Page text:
The History of Moruya: Tourism and Sea Change

The location of the national capital at Canberra in the 1920s has proven to be no small thing in the life and development of the Moruya area. As the Federal Government’s workforce began to assemble in Canberra, so they commenced to trickle down to the coast for their holidays. At first it was a daunting journey. One of the early routes required catching the evening train from Canberra to Tarago. There they huddled in the waiting room through the night with the Station Master calling once or twice — railway cap squarely atop his pyjamas and dressing-gown — to put another block on the fire. At 4.00 am they were picked up by the mail car coming through from Goulburn to Braidwood. After breakfast, they caught the 10.00 am bus to Batemans Bay. From there, there was another bus to Moruya with stops along the way.

Broulee, which had been deserted since 1892, was rediscovered in the 1920s by a few people who drove in through private tracks and fences and set up their tents by the beach. They drew their fresh water from the spring and powered their lamps and stoves with kerosene and methylated spirits. The early holidaymakers at Broulee who sought to erect their own shacks were advantaged by the fact that it was about the only seaside spot that had been surveyed into building blocks. They started to buy them and build on them in 1926. The next subdivision of Broulee, between Train and Clarke Streets, was not affected until the 1950s. On the other side of Candlagan Creek, at Connell’s Point, now Mossy Point, the subdivision into 361 building blocks was done in about 1930. They went on at one pound down and the balance at six per cent.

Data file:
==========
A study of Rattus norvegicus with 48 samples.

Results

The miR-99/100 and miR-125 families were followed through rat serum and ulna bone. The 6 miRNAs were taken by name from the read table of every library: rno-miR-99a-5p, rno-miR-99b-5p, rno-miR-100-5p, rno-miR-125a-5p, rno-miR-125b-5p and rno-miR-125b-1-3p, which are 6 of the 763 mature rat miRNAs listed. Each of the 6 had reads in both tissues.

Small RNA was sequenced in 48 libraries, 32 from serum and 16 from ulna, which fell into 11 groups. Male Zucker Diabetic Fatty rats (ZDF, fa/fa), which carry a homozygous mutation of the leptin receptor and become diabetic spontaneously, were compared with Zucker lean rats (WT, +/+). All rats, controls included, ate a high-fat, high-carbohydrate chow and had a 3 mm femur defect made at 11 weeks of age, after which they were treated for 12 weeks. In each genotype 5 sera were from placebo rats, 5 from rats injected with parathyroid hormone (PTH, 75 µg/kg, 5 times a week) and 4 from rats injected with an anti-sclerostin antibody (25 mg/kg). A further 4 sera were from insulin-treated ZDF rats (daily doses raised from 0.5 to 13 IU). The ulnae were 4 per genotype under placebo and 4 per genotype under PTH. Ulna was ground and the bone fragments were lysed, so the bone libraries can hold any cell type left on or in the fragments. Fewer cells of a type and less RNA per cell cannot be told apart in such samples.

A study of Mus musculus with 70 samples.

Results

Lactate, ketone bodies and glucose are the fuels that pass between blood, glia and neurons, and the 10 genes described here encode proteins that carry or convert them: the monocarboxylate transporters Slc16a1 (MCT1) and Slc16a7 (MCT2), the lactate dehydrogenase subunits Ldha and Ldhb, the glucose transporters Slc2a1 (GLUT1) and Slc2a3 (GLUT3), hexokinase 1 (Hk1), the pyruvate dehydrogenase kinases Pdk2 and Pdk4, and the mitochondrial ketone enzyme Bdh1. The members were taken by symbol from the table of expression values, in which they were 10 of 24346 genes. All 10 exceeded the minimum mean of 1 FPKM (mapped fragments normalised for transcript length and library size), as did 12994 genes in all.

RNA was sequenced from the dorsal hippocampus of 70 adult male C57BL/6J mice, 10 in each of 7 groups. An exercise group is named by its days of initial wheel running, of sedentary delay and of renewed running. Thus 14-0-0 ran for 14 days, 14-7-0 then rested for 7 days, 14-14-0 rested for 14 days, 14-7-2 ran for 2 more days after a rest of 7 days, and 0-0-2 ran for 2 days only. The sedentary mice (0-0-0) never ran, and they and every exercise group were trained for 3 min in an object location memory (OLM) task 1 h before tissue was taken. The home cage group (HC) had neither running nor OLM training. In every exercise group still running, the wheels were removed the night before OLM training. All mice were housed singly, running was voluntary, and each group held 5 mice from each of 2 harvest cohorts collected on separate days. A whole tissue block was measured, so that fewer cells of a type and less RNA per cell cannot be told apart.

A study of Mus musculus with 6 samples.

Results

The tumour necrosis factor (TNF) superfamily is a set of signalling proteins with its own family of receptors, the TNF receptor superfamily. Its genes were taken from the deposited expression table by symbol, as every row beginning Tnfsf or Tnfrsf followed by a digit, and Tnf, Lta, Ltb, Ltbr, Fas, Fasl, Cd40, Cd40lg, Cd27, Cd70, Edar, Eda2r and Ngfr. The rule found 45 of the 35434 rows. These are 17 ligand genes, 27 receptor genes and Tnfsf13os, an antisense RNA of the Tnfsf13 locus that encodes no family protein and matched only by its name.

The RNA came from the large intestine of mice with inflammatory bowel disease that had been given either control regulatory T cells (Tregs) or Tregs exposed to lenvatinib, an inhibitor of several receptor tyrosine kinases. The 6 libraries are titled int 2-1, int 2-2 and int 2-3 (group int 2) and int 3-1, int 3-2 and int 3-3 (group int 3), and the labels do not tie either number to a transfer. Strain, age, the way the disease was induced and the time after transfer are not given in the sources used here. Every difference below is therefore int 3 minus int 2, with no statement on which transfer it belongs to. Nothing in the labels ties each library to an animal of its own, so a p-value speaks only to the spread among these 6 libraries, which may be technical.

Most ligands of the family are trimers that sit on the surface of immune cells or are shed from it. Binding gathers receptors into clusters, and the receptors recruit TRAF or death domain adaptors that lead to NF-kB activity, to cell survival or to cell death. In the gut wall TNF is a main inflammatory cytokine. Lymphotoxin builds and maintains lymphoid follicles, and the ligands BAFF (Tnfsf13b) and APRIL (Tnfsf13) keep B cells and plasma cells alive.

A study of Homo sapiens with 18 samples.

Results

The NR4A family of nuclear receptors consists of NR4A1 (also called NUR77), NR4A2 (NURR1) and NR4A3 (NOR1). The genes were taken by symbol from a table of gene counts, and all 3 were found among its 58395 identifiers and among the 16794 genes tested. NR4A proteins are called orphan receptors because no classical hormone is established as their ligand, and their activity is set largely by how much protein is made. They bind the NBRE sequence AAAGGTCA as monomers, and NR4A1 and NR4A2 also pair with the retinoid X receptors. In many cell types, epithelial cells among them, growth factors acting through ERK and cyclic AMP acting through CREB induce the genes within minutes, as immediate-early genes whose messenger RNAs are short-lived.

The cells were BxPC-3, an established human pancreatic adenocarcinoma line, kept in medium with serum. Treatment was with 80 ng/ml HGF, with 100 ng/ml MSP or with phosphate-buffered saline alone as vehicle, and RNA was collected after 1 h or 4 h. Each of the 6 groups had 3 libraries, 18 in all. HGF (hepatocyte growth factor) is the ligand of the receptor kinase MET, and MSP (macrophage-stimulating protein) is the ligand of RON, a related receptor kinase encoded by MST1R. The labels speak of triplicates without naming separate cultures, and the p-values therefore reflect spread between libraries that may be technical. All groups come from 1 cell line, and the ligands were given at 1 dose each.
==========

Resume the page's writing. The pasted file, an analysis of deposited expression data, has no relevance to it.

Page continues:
At Tuross Head it was much later before building blocks became available. The Mylott family, having held the 875-acre block since about 1870, sold it to Hector McWilliam in 1924. It was 1960 before he had it cut up into 1600 blocks.

The tourist trade from Canberra increased markedly when the highway was upgraded and when the bridge at Nelligen replaced the ferry in 1964. Earlier, in 1956, the advent of the bridge at Batemans Bay cut the travelling time not only for the Canberra traffic but for the holidaymakers from Sydney. At Moruya, the first bridge had been built in 1876, to be replaced in 1900, 1945 and 1966.

Today, the Eurobodalla Shire Council’s website refers to tourism as “our main economic base”. Tourism is estimated to bring about $250 million into the Shire each year. The visitors from Canberra, who provide about 20% of that, have now been overshadowed by the people from Sydney who provide about 46%. The other factor in the growth of the Moruya area in recent years has been what the demographers refer to as the Sea Change phenomenon — a notable increase in the numbers of people, Australia-wide, gravitating to coastal areas. Eurobodalla Shire Council is sufficiently impressed with the theory that they have it incorporated in their planning process.

Eurobodalla Shire takes its name from an early 800-acre farm south and west of Bodalla which developed into a minor hamlet when the first state school in the area, a hotel and a cheese factory were located there. In 1906, the NSW Government created and named the Shire. Its choice of the name was a mystery at the time and remains so. The good people of Moruya suggested there was a better name to be had but their advice was not acted upon.

As of 2001 the population of the Shire stood at 33,137 — about double what it had been twenty years earlier. However, over the Christmas holiday period, it swells to about 130,000. The Moruya postcode area, consisting of Moruya itself and the strip from Tomakin to Tuross Head, held a population of 9,757 in 2001 — a very modest increase on Moruya’s 1891 population of 1236.

The changes in the Moruya district, from an agriculturally based society, are such that less than 5% of the working population is now engaged in agriculture, forestry or fishing. The main employment groups, in order, are retail; health and community services; accommodation, cafes and restaurants; and construction.

Moruya’s history is a bit like the road south from Batemans Bay. By the time it gets to Moruya it’s had its ups and downs. But the road ahead looks good.

Contributed by Martin Ind from Moruya High School published in 2015.